200g malt extract, plus extra to finish
2 tbsp black treacle
75g dark brown soft sugar
100g prunes, roughly chopped
150g plain flour
100g spelt flour
1½ tsp baking powder
1 Waitrose British Blacktail Medium Free Range Egg
1 Place the teabag into a small pan and add 150ml of boiling water. Allow to brew for 5 minutes, then discard the bag. Add the malt extract, black treacle and sugar to the pan, and stir to combine.
2 Heat the mixture gently over a low heat until all the sugar has melted and it is starting to bubble, then remove from the heat and stir in the prunes and raisins. Allow the mixture to stand until cool – about an hour – so the fruit plumps up.
3 Preheat the oven to 160°C, gas mark 3, and line a 2lb loaf tin with baking parchment. Measure the flours and baking powder into a large mixing bowl. Beat the egg into the cooled malted fruit mixture, then add the wet ingredients to the dry ingredients and stir to form a soft batter.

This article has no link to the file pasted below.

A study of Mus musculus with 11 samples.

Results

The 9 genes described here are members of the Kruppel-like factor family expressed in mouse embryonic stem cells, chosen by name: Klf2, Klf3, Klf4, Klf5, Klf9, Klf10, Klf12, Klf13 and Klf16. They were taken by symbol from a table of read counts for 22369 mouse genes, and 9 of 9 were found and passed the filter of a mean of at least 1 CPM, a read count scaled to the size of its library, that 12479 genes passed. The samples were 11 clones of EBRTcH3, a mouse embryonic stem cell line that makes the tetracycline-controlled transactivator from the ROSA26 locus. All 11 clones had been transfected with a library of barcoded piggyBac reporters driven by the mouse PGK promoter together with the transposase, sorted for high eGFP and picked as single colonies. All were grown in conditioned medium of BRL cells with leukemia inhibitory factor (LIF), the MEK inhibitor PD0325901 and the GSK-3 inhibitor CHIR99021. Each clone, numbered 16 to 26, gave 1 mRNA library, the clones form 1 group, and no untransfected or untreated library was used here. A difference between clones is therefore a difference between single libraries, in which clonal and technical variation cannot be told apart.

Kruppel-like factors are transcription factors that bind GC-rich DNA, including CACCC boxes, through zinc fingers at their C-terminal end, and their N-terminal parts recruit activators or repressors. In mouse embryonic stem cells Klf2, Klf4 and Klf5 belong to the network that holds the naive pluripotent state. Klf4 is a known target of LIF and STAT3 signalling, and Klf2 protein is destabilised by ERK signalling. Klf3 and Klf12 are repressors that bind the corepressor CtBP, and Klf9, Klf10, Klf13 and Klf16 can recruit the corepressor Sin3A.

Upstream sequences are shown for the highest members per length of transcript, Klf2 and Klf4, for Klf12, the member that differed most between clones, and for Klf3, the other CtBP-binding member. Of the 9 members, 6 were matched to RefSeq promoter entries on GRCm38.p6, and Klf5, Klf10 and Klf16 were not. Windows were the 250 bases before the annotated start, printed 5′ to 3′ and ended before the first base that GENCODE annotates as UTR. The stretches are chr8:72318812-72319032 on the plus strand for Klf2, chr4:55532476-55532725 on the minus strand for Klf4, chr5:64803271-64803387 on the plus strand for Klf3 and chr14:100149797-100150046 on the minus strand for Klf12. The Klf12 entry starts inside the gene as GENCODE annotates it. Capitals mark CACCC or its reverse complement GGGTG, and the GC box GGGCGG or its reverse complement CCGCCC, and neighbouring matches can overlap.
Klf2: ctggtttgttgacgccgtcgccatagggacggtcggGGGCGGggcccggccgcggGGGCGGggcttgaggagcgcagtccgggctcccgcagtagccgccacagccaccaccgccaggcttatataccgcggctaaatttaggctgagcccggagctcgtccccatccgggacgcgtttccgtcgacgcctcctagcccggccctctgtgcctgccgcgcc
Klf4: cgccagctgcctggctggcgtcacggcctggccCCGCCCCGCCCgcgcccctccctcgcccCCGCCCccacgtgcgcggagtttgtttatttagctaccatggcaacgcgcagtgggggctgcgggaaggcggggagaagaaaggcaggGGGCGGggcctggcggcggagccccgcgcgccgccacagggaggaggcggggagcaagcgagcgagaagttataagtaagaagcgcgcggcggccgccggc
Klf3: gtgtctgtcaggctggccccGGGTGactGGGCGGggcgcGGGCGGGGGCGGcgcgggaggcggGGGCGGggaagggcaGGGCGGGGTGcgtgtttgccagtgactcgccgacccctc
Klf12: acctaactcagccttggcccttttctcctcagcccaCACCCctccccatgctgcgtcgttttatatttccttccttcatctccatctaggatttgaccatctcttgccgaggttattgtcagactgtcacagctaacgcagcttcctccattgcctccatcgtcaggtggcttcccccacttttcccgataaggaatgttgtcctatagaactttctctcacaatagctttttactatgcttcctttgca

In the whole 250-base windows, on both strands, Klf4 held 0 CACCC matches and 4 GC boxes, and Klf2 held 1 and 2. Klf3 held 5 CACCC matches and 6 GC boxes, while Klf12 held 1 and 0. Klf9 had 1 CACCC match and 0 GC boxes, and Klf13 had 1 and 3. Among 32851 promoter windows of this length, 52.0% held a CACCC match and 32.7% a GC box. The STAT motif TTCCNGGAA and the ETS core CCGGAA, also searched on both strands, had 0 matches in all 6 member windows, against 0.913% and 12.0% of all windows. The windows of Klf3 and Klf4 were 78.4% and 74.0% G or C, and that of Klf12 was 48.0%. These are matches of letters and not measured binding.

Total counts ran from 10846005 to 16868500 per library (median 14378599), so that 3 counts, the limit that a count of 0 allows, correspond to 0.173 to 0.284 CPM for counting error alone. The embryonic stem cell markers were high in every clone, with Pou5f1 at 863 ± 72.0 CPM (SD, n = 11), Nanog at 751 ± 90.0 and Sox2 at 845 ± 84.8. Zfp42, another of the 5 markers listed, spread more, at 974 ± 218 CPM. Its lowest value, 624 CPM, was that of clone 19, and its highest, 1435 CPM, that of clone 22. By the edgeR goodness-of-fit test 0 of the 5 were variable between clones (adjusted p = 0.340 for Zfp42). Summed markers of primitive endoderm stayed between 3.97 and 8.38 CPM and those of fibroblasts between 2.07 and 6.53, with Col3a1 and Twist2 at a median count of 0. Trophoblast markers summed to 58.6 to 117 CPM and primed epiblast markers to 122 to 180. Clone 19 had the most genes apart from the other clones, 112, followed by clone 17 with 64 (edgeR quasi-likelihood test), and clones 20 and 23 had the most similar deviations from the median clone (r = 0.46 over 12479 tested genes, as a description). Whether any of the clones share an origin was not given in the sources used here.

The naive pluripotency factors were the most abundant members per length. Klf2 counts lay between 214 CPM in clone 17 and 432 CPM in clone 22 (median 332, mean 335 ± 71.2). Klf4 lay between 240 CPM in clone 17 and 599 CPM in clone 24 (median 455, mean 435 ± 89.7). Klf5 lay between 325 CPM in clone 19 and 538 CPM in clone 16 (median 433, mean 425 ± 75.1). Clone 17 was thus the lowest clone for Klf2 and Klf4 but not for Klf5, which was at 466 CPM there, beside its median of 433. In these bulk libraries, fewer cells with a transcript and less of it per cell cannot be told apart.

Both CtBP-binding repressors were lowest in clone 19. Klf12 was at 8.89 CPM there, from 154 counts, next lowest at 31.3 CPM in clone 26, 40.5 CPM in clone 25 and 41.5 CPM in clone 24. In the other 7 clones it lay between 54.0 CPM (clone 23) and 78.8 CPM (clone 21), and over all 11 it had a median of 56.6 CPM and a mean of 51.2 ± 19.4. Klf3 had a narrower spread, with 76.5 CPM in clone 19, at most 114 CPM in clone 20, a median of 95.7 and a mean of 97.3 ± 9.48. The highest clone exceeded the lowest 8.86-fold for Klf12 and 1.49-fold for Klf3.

4 Spoon the batter into the lined tin and bake in the centre of the oven for 50-70 minutes. The top should feel firm and a skewer inserted into the centre will come out relatively clean (malt loaf has a sticky crumb so don’t worry if it feels a bit undercooked).
5 Allow the loaf to cool completely, brushing the top with a little malt extract as it does so. Wrap the cooled loaf in foil and allow to mature for 2-3 days (both the flavour and characteristic stickiness improve with age) before enjoying sliced and loaded with slabs of salted butter. Malt loaf will keep, wrapped, for up to 3 weeks.
When working with sticky substances such as malt extract and treacle, use a metal spoon and keep a mug of very hot water nearby. Warm the spoon in the water before using to spoon syrups – they should slide straight off into your mixing bowl with virtually no mess or waste. Rewarm the spoon each time.
Typical values per serving:
This recipe was first published in February 2018.